Recording Zombie Horror Sound Effects

For the Aftermath project I am currently undertaking I wanted to have some freaky sounding Zombie noises and seeing as most of the sounds I have created already come from sample libraries I thought it might be a good idea to try my hand at creating and recording these sounds myself. I could have easily gotten Zombie samples from the internet but I wanted to have something in the project that was uniquely mine and that I could say "I produced that all myself", I also thought that the process of making Zombie sounds would be fun so why not give it a try.

So, how does one sound like a Zombie? (By getting really strange to be honest).

I consulted my good friend YouTube to find some examples of people making Zombie sounds to act as a starting point for my own process, and I wasn't disappointing. Below is a video that shows the process of Foley artist/sound designer Matt Davies produces his Zombie sound effects.

I used this video as my main source of inspiration with regards to the recording of my sounds, especially the squishy, gory sounds made by destroying fruit. With this video in mind I went out to the grocery store to pick out the perfect fruits to become my victims.

The produce I used to produce my Zombie gore sounds.

The produce in the image above is what I used to produce the sound of a Zombie who is busy eating away at someone within the game environment, and instead of me tediously explaining how I made these sounds I created a compilation video of me destroying/eating the produce whilst trying to sound as much like a Zombie as possible. A quick disclaimer I get really weird in this video and make a lot of odd noises but I think it shows in some detail what I did to reach my goal.

The recording of the sounds was just done by a small handheld recording device which did a good job of capturing the sounds with not much background noise. I also did it at my house because honestly it was just a better environment for me to do this type of recording in where I could feel more comfortable with making a mess and making a fool out of myself.

For the actual Zombie grunts and snarls I tried to replicate what Matt Davies was doing in his video but I found it to be a lot harder than I first thought it would be. I do have some video footage of me making those sounds but they are not particularly that good so I refrained from making them into a compilation video as well. The videos are relatively unexciting with me sitting down making odd sounds into the handheld recorder so I wasn't going to bore people with those.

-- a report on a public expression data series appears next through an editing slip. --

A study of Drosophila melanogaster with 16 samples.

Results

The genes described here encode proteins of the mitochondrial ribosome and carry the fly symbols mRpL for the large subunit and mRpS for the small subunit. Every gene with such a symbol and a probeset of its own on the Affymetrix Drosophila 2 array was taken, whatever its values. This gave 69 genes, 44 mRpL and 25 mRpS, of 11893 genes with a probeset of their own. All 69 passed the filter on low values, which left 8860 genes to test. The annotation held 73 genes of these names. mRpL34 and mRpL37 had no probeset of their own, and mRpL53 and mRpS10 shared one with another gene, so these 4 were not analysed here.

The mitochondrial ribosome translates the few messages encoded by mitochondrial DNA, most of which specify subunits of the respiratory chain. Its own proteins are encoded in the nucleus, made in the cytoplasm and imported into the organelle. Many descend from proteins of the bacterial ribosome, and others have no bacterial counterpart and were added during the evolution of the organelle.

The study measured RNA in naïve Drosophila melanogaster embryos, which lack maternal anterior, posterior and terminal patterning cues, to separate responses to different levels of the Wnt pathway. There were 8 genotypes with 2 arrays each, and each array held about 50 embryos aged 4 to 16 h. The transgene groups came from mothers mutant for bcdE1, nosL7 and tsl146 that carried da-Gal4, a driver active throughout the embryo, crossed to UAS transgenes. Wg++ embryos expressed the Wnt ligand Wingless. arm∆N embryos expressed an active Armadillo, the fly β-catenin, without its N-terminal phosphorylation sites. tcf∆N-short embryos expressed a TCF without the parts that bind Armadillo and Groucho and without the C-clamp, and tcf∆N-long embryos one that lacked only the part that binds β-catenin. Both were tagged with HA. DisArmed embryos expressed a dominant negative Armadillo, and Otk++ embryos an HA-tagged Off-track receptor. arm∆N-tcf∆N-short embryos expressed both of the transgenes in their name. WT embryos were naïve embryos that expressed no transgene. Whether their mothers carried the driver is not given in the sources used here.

As for the quality of these Zombie grunts and snarls I believe that if I had gone into the studio environment and used proper recording microphones instead of the handheld recorder I might have been able to produce a better sound because the studio mics would have responded to and picked up my voice better. This could have lead me to actually change how I produced the sounds with my voice or picked up on different frequencies or nuances that the handheld couldn't, I also could have gotten other people to try and make Zombie sounds to see if they would have produced something better then what I did.

In saying all of this though I did mange to produce a semi-decent sound in the end with a bit of post processing. What I did was get a few clips that I thought sounded the best duplicated them a couple of times then pitched shift them up and down to create a more monstrous sound ( something that sounded a lot less like me failing to be a Zombie). I had 3 tracks all being pitch shifted different amounts, one was up by 3 semitones, one was down by 1 semi-tone and one was down by 6 semi-tones, I used a little bit of EQ and compression to help shape the sound some more blended the tracks together to get an outcome that I was genuinely happy with. I then recorded these separate sounds down to one track so I could cut them up into smaller sections so I can make a random looping event in my game audio software (FMOD). This would allow me to attach the same event to multiple Zombies and have the all producing relatively different and random sounds rather than having the same constant audio loop that would get obvious and boring after a while.

Pro Tools session of my Zombie sound design process.

As for the Zombie eating sound I got some of the best squelchy juicy sounds that I recorded, duplicated some and put the clips one after the other to make them longer and then blended them together to produce a very disturbing sound that could pass as a person being frantically eaten by a crazed Zombie (which is the effect I was going for). That was about it, I think because I produced so many interesting sounds (some of which I didn't put into the compilation video) it was easy for me to pick the best ones to make the sound I wanted. I also pitched shifted a couple of clips up and down by a semi-tone to make them sound a little less human to help the overall sonic characteristics of the sound.

Pro Tools session of my Zombie eating sound.

Again I recorded these tracks down to one track that this time could be used as a continuous loop. The above image is from the Pro Tools session where I was doing the sound design for the video of the game level environment with the bottom track in green being the recorded track duplicated a couples of times and the clips being put one after the other to make a track that simulates a loop.

All up I did have a lot of fun with the creation of these sounds and when put into the game level video produce a very effective Zombie feel which is something that I am happy about seeing as I did produce the sounds myself.